Every adult should have a Will, especially upon becoming a parent. If you have children that are not of adult age, or have an adult child that is developmentally disabled, a Will is that much more important. It is the document that allows you to name who you choose to serve as guardian should you pass away first.
Some incorrectly believe a power of attorney is sufficient to name who handles their affairs after they pass away. However, the authority given in a power of attorney automatically ends at death. A power of attorney will not help make sure your wishes are carried out after you pass.
A Will is the document that allows you to state who will receive your things after your passing. In a Will, you name your personal representative (sometimes called an “executor”) to carry out those wishes. If you do not have a Will, the law will dictate how your things are distributed.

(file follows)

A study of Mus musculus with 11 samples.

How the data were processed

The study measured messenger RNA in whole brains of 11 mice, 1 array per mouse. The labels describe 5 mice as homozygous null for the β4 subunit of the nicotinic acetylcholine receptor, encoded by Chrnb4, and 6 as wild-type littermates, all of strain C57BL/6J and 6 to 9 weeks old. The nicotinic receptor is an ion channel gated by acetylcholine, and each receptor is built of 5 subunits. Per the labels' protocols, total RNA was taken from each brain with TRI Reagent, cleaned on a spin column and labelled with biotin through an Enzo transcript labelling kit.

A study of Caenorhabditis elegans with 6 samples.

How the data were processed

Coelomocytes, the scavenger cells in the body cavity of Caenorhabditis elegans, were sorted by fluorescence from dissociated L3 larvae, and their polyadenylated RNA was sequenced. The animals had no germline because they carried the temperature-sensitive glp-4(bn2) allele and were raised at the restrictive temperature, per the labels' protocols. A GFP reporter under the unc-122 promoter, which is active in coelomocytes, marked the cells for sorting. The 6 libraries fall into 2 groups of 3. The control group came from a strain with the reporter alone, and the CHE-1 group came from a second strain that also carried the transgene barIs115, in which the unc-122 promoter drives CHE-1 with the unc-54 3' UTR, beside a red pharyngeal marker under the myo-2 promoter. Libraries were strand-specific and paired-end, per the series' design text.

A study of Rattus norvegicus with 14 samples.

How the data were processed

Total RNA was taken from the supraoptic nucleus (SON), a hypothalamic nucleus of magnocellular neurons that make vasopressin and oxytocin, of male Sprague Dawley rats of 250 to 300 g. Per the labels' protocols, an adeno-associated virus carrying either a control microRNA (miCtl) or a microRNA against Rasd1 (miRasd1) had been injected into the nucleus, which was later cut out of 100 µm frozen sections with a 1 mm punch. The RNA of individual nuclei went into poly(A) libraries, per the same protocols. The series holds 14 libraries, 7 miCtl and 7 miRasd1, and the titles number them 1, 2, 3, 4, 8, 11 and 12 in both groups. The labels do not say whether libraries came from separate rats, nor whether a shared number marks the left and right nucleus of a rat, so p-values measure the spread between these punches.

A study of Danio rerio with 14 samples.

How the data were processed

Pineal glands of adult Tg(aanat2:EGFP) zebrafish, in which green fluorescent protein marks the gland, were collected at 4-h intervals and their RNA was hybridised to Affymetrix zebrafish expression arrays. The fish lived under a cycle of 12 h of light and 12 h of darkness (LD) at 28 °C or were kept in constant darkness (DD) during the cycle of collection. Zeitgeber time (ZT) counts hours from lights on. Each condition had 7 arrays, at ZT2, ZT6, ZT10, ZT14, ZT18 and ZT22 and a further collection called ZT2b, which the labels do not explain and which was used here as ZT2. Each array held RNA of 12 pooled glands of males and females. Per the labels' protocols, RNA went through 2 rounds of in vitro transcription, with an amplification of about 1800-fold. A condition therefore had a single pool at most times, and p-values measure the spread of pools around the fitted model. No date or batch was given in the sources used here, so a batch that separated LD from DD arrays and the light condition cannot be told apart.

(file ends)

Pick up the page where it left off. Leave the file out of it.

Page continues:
Several years ago, a widowed friend of mine told me she intended to create a Will. However, she never actually followed through. She had no surviving parents or siblings. The only family she had was her son, who she wanted to receive her property and belongings.
As too often occurs, she passed away unexpectedly. When meeting with her son, he told me something that completely altered who would receive her estate. He told me that he was her son because she “informally” adopted him many years ago. He was not her biological son; nor had he ever been legally adopted.
Under the government’s rules, their relationship did not matter. He had no right to any of her estate. Instead, her estate went to distant relatives with whom she had no meaningful relationship.
This result would have been completely different if she had completed a Will. Her son would have received everything regardless of how the government defined their relationship.
Estate planning is far too important to leave to good intentions. Come to a free presentation to find out how a few simple steps will help ensure your estate is handled the way you want.